ALEXANDRA HECK Jan. 28, 2018 10:00 a.m.
Beavers can be a real pain.
They flood golf courses, they fell trees; they can completely change the landscape of someone’s property.
The traditional solution is to simply rid of them—but the Elk River Alliance says that there’s a better solution for these animals, who also provide critical benefits to the ecosystem.
The group has launched an initiative called Accepting Beavers and enhancing Wetlands, which is a partnership with the City of Fernie to enhance the McDougall Wetland, as well as the West Fernie Wetland.
Both are home to beavers, who have dammed off portions of the lands.
The beaver dam at the McDougall wetland caused flooding at the Fernie Golf and Country Club.
“Beavers are rather vilified creatures,” said Lee-Ann Walker, with the Elk River Alliance. “They create problems for landowners.”
She says that while many see the animals as nothing short of a nuisance, they in fact provide key benefits to wetlands.
The dams act as sediment filters, and habitats for many beneficial insects like dragon flies and even juvenile fish.
“How do we learn to live with beavers and use beavers to our benefit?” she said.
The solution is a device called a pond-leveling device.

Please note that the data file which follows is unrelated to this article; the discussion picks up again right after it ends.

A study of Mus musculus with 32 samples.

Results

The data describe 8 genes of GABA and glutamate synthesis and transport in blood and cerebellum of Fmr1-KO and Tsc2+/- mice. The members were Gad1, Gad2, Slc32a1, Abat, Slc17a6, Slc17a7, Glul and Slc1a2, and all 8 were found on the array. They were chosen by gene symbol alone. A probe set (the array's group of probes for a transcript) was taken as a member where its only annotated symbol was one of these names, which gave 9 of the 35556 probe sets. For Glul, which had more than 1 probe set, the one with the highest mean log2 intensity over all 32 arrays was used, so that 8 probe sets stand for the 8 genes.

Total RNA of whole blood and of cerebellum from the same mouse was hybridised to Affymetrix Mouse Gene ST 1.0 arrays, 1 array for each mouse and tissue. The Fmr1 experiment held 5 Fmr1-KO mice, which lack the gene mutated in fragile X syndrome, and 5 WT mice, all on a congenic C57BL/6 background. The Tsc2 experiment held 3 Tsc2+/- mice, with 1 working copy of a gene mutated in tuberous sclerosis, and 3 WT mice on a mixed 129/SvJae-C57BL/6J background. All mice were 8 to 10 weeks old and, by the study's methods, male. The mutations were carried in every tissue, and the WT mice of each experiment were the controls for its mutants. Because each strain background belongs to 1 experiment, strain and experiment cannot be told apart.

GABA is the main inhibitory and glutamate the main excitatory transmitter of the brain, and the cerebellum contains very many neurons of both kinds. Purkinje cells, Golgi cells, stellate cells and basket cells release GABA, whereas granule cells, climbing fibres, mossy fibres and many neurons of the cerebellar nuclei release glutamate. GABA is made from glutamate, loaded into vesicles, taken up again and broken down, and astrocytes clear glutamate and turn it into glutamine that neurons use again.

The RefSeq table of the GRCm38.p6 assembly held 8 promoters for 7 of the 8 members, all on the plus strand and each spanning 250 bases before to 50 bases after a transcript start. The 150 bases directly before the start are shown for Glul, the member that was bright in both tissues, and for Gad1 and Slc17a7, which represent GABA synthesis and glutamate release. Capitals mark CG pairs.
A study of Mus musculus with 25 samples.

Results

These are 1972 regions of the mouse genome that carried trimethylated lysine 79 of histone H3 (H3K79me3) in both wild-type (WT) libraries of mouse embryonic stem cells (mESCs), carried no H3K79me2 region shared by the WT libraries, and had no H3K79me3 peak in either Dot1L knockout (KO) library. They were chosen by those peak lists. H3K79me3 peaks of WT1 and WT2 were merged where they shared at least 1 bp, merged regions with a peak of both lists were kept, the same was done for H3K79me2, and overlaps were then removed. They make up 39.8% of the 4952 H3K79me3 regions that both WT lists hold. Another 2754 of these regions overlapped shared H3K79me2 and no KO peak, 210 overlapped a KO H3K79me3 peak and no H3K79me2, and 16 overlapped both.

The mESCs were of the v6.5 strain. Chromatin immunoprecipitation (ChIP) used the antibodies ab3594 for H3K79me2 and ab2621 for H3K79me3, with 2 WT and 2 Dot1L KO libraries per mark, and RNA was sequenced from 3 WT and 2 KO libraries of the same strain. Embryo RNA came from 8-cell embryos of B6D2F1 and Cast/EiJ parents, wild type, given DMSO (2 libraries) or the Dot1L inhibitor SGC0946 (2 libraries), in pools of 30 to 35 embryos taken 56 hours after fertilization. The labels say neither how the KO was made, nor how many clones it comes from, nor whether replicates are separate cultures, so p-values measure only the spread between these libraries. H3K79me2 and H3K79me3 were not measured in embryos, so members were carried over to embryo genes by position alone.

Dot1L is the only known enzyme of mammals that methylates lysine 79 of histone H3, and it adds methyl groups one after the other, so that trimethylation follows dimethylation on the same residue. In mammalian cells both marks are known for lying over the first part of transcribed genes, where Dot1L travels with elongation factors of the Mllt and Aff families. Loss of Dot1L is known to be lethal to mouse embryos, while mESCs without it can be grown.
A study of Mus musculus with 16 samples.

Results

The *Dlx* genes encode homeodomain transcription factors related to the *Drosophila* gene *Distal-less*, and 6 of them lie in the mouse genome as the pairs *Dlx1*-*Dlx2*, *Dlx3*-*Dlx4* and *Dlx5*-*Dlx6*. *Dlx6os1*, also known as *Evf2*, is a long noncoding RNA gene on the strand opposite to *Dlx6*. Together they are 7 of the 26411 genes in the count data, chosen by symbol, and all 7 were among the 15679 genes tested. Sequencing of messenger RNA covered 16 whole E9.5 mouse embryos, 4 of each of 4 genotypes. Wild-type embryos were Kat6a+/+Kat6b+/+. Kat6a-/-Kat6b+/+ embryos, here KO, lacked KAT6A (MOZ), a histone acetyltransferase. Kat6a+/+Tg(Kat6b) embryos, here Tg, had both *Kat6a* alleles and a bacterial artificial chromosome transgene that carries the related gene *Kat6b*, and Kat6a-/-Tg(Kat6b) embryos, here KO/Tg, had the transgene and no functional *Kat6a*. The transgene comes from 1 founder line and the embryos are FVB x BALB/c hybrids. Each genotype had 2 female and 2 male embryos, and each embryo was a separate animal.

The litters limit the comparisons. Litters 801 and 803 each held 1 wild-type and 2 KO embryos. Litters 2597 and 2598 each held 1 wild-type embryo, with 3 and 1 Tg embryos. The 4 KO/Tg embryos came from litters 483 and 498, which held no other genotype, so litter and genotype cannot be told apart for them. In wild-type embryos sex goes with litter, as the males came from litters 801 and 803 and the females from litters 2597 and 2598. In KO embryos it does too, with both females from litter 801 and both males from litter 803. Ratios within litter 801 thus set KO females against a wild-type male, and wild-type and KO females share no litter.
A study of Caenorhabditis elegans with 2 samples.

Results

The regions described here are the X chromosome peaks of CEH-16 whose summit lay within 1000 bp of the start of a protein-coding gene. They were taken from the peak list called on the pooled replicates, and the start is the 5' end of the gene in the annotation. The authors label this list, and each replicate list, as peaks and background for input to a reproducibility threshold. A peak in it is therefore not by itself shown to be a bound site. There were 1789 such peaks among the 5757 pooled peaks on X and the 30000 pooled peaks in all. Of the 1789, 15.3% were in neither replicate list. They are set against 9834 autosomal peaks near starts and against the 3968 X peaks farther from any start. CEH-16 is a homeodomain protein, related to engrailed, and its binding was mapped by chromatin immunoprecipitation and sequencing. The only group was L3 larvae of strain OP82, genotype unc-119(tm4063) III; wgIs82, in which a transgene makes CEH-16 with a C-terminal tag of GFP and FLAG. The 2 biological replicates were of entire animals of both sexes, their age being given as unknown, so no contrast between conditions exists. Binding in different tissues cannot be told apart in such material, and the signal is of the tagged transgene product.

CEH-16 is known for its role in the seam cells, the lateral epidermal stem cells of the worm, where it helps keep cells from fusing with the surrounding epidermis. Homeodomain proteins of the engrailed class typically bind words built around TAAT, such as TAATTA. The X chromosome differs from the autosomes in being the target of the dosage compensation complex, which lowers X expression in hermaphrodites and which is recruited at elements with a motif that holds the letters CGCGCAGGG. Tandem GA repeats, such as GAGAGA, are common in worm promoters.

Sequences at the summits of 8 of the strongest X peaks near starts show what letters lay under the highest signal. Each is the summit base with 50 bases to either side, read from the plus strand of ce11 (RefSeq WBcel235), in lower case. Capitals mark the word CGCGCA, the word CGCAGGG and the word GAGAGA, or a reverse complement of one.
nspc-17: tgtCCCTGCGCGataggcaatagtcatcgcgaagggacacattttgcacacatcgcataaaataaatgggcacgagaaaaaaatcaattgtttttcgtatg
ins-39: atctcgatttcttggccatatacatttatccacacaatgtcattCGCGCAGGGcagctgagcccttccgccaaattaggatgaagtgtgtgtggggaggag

The mechanism is a pipe that allows water to flow through the dam, with caging around it so the beavers can’t stop the flow.
The ERA partnered with the City of Fernie to purchase two of these devices, which were installed in each of the wetlands.
“It’s a balancing act,” said Walker, explaining that the device manages the water, protects the beavers and satisfies landowners.
The group is also wrapping trees with wire in order to prevent beavers from felling them.
“We’re humans, we have bigger brains than beavers—can’t we outsmart them?” said Walker. “Pond leveling devices are a much better solution.”
She says that as rodents, they’re difficult to eradicate. She says that residents should also avoid breaking out beaver dams not only because the beavers come back and build it twice as large, but because the dams are highly beneficial to wetland ecosystems.
“They’re not doing it because they want to make your life difficult,” she said. “We’re not going to get rid of beavers. Let’s just learn to live with them.”